Have you ever experienced depression so heavy that you hoped would go away on its own, but it didn’t? Have you tried to heal from it and felt like nothing was working? That was my story.
At the start of the pandemic, I began to feel this unexplainable numbness about life. I felt disconnected from myself and the one thing I loved doing, which was running my publishing business, I lost interest in. The only desire I had was to sleep — and buy plants. Going to plant nurseries brought me glimmers of joy. I eventually had a house filled with greenery, and started learning the ins and outs of ceramics to make pots to put them in. It was all therapeutic; but the feeling didn’t last long.
After some time, my mental health started to decline more. The lingering feeling of “blahness,” as I call it, morphed into full-on depression. Before I knew it, I was having thoughts that were borderline suicidal.
I did not want to be here and I could find no logical reason I felt that way, at least not consciously. I eventually tried to overcome the feeling by traveling, but when I returned, the depression came back and it was worse than before. I felt more raw, vulnerable, and emotionally exposed. The healing ceremonies I did in Tulum, Mexico, the extended vacation I took, nothing worked.
I decided to seek help. As I was looking, I received an email about a healer who uses frequencies and massage to release trapped trauma in the body, namely the muscles. I responded, noting that I was interested. I then let fate decide if we were meant to work together as her availability was limited. As luck would have it, a spot opened.
I booked it, paid the steep $300 fee and hoped that this would be the thing to stick – to truly help me heal. I have done most forms of healing: EFT (emotional freedom technique), distant or in-person healing with shamans, journaled, talk therapy with body code healing, and energy healing. You name it. Everything felt like a temporary fix that just scratched the surface or peeled back a layer. And while I’d heard healing is like an onion and can take a lifetime, at that time, I couldn’t wait much longer.
So I showed up for myself. I laid on the healer’s table and she began using a tuning fork (a two-pronged steel device that vibrates when struck to give a note of a specific pitch — sometimes used in sound baths) and then she rubbed my legs. Afterward, she returned to using the tuning fork.
I found myself shaking.
I was becoming scared and wanted to stop the process of whatever was happening. Suddenly, I started to have flashbacks of being in a temazcal in Tulum (sweat lodge – a “hot box with coals,” herbs, and sage for deep healing) where I ran out because my emotions were overflowing uncontrollably. But this time, I decided as I laid there, I would face whatever came up. I soon began to process my trauma through crying and allowing myself to feel everything without judgment. I had three moments of great release: I cried tears of anger, hopelessness, and powerlessness. Each engulfed me and then released me into feelings of empowerment.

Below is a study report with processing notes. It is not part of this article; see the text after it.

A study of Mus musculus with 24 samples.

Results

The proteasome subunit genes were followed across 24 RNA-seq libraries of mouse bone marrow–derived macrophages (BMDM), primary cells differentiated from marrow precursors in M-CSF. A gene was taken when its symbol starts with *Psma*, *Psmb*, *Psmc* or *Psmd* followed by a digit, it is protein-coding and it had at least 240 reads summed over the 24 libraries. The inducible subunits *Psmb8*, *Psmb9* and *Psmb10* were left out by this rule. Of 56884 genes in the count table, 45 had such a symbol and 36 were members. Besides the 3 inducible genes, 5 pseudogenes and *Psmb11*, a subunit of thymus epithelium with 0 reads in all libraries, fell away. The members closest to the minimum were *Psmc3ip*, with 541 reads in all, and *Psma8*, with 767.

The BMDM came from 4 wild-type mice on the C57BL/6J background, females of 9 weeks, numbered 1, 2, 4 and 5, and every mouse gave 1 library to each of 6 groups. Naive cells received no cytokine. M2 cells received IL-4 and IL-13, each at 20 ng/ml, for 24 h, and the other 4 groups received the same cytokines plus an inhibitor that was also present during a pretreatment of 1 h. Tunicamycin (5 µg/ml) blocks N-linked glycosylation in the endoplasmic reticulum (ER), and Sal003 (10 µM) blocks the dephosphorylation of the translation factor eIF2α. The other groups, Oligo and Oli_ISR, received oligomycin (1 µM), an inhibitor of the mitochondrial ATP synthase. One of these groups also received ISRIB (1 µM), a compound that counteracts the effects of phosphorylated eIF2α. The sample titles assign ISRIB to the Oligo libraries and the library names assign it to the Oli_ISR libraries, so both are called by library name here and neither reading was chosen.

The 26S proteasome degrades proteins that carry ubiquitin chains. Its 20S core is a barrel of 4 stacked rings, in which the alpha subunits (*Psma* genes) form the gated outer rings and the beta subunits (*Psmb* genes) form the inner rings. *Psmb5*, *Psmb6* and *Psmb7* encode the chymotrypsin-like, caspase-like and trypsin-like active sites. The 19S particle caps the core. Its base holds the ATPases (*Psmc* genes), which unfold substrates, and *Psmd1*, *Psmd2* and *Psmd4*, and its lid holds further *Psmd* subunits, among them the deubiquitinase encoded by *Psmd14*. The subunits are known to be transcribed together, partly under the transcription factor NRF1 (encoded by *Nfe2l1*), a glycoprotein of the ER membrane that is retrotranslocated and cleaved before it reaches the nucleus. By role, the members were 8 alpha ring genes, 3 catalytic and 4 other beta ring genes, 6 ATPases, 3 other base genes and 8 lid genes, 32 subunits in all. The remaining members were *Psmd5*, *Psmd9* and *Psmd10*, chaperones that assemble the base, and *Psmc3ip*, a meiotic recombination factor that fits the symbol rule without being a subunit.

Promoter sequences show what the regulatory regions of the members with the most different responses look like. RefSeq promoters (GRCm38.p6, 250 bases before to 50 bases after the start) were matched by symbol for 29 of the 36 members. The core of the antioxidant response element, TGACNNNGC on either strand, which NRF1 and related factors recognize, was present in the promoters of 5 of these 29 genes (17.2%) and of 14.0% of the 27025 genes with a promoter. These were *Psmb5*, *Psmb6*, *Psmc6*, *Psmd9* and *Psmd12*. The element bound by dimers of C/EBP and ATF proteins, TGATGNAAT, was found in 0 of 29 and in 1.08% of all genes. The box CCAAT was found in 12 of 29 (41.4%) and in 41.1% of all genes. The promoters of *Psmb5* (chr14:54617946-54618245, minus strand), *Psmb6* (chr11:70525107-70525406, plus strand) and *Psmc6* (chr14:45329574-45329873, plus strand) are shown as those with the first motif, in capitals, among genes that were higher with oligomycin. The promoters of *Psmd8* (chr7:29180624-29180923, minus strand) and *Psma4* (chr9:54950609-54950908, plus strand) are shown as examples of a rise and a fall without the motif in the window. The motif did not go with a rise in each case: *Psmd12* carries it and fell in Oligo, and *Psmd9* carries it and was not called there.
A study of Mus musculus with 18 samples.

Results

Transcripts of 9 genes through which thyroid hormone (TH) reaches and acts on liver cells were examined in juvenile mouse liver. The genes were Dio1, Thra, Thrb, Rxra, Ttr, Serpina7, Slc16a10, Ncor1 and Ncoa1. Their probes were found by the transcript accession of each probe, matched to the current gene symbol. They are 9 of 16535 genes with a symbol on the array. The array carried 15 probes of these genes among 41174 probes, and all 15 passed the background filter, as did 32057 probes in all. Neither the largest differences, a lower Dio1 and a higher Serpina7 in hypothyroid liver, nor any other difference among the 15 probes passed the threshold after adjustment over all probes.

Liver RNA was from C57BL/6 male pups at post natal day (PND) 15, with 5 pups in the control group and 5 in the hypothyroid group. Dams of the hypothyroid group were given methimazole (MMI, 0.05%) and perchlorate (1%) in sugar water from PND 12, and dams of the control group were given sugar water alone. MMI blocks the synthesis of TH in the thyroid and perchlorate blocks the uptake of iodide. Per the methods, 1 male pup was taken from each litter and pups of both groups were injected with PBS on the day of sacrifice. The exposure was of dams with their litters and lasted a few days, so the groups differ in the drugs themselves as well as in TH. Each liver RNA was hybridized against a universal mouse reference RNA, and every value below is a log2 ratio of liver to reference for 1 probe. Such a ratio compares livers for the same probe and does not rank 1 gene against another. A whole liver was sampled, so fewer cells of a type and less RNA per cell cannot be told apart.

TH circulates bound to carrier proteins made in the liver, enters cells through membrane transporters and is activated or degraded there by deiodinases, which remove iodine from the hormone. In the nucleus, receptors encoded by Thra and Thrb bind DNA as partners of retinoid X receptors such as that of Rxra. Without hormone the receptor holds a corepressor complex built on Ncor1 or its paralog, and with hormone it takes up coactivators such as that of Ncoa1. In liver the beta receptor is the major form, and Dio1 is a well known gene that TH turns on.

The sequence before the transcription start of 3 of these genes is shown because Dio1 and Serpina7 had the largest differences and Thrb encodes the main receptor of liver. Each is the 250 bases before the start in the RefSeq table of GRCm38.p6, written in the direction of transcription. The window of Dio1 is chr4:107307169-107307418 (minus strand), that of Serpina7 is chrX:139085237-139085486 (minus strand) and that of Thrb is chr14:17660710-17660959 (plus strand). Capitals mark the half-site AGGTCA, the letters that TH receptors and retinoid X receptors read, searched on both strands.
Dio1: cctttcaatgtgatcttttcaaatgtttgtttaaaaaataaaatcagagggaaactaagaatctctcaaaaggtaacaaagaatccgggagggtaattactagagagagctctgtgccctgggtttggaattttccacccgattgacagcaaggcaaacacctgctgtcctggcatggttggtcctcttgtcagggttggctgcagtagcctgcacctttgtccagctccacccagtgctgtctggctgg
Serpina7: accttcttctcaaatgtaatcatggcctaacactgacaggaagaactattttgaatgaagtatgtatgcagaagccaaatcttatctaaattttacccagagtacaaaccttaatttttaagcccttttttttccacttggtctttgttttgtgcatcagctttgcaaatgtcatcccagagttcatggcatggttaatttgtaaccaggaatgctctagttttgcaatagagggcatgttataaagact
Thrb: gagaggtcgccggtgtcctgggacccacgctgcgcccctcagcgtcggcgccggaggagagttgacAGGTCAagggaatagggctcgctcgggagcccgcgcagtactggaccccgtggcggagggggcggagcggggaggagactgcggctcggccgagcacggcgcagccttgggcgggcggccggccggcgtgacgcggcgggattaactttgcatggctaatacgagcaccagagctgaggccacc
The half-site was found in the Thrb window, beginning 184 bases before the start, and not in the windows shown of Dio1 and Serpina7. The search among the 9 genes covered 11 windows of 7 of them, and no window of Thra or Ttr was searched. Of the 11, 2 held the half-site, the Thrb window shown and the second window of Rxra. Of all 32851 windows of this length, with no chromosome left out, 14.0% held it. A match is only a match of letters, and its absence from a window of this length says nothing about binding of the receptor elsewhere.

All emotions released encompassed grief and sorrow. What was interesting about this method of healing was that was there was no vision or flash of memory in connection with the emotions. In retrospect, I believe each had to do with my mother’s passing, the injustice we experienced fighting gentrification in our community before her passing, and the court case I have been left to fight on her behalf. Those were the only times when I felt I had to be my strongest and couldn’t succumb to crying. I believed that if I broke down, I would feel depressed, defeated and disempowered. But I realize now that my attempts at being positive were toxic. Each tear I didn’t shed weighed me down as it stored in my muscles and mentally shook me.
When I left that day, I felt lighter and clearer about the continued work I needed to do. I started to get proper support through therapy and practicing healthy routines. Now, I no longer find myself depressed, and when some heavy feelings do return, I face them and move past them much quicker.
As women, as Black women, as businesswomen, we unconsciously feel we need to be strong because our emotions can be seen as a form of weakness. It may feel like what is on the other side of tears is a woman who can’t handle life or is not in control. And while I’m now in a place in my life where I wouldn’t recommend using sound healing as a way to induce crying or healing, I learned from finally facing past pain and trauma that what we don’t properly process will collect, store and then manifest in negative thoughts and feelings until you can’t recognize yourself anymore.
How we show up in the world, our inner conscious thoughts and our emotions, are signals of what is going on underneath the surface. It is up to us to do the work to monitor our behavioral changes and feelings so we can catch ourselves in the moments of decline. And how we get out of it can be as simple as a good, healthy cry and having some support when we experience it. This is not a weakness, but rather, a part of who we are and we are wired to need it.
So when someone asks whether you’re going to cry about whatever has been weighing on you or “put on your big girl panties” and deal with it, I say there’s no shame in doing both. Let the tears fall.